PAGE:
Early ecologists thought plants were wimps. Sure, some plants have toxins or thorns, but most just sit there like wild salad bars. Plant passivity is the dark side of The Very Hungry Caterpillar. In a conflict between plant and herbivore, the caterpillar gets fat and the plant gets dead.
Researchers at UC Davis, however, are studying plant responses to enemies like viruses and insects. It turns out plants are far from defenseless. They can fight off disease and even call in reinforcements. In the struggle for survival, every leaf is a battlefield.
Dr. Bryce Falk, professor of plant pathology at UC Davis, said that viral infections are easy to see in a garden. Find a plant where the leaves look like a dark green/light green “mosaic.” This odd coloring is often the result of a virus. The light green patches are where the virus is winning, causing the plant to produce less green-colored chlorophyll. The dark green patches are where the plant’s immune system is winning. Many plants build up natural immunity to viruses over multiple generations.
Naturally, humans arrive and eff that up.
California’s famous orange trees and grapevines are losing a battle against foreign viruses that cause diseases called citrus tristeza and grapevine leafroll.
“When these grapes and trees were brought here, someone brought a virus with them,” Falk said.
Not only did humans give plants viruses, but we also took away their weapons. Farmers don’t usually plant grapevines or trees using seeds. Instead, they use a clipping from a live vine or tree. The result is a plant that is genetically identical to its parent. The fields of genetic copies have no chance of evolving immunity to disease because we keep them from reproducing naturally.
“In many cases, they’ve lost the natural resistance to pathogens,” Falk said.
Ian Pearse, an entomology graduate student at UC Davis, said we can thank plant defenses against insect predators for some of our favorite foods.
Pearse said that researchers discovered long ago that basil grown in a greenhouse is less tasty than basil grown outside. They found that basil leaves naturally release chemicals to ward off predators. When grown indoors, the predator threat is reduced and leaves don’t produce the chemicals.
Insects might hate the taste of basil, but many humans enjoy plant-defense-chemicals in spaghetti sauce.
“A lot of the flavor is a result of defenses against herbivores,” Pearse said.
Pearse added that caffeine and nicotine are also produced by plants as protection against insects.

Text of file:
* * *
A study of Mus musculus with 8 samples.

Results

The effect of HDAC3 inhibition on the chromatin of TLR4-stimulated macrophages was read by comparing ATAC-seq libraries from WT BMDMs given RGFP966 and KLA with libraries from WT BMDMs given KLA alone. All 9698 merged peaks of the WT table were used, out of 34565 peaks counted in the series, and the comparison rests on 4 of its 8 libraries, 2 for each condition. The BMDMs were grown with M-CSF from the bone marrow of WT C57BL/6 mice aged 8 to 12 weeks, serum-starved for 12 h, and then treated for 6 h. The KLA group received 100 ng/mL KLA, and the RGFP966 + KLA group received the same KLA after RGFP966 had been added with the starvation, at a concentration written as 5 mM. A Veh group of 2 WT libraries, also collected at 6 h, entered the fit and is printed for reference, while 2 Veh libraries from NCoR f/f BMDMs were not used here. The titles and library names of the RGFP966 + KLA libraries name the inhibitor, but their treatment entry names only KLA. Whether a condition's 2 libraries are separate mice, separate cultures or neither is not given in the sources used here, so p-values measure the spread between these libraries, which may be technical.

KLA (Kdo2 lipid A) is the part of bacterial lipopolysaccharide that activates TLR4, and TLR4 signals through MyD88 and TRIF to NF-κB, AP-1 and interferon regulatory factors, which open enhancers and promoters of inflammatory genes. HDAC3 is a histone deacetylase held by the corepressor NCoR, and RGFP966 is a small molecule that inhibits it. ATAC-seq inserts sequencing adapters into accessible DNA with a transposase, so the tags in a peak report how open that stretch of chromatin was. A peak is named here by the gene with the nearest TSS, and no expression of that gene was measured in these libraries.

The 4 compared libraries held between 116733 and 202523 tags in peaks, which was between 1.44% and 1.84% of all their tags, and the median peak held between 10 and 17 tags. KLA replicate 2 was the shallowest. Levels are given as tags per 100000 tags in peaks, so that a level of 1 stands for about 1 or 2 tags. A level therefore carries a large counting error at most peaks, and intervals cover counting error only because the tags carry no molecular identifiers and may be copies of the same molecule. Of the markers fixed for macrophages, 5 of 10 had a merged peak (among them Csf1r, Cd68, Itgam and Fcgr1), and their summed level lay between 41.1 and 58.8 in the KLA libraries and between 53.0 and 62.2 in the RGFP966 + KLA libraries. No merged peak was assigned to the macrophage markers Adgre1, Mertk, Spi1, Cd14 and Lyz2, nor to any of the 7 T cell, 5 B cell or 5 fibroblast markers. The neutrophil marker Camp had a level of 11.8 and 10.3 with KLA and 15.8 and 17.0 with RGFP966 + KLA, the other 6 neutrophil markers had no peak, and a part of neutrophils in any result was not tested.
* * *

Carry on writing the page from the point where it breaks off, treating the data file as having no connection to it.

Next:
Plants may be sedentary, but they have allies that can launch an attack. Pearse said many “clever” plants react to insect herbivores by releasing chemicals that attract herbivore-killing critters. Plants munched on by caterpillars can call on parasitoid wasps to fly down and take out enemies. This same strategy has been observed in corn, tomatoes and tobacco plants.
A recent study out of the University of Florida found that citrus tree roots attacked by pests called citrus root weevils (Diaprepes abbreviates) emit compounds that attract weevil-munching worms called nematodes. Scientists call this a “tritrophic interaction.” I call it the circle of death!
Pearse said that an important plant defense is simply being hard to find. Many plants have specific predators out to get them. So if there are a few grapevines scattered in an ecosystem, it’s harder for insects to locate and travel between them.
In gardening folklore, they say you can stop pests by placing gross-tasting marigolds between plants in a garden. Pearse doesn’t know if marigolds are anything special, but he thinks the real trick is having a variety of plants.
“By having a diverse garden, it’s likely that you’ll cut down on some degree of herbivory,” Pearse said.
Of course, people found a way to mess up that defense, too. We like to grow crops of the same kind very close together. This system is called “monoculture,” and insects see it as a feast. We screw up plant defenses against pests and then spend bushels of money on pesticides. Plants have spent millennia evolving protection against natural enemies, but they have little way of stopping the very hungry Homo sapiens.
As Falk put it, “Humans are the worst.”
MADELINE McCURRY-SCHMIDT wants to share a plant joke that her little brother made up. Q: What do plants do in the Shire? A: They Frodo-synthesize. E-mail her your favorite science jokes at firstname.lastname@example.org.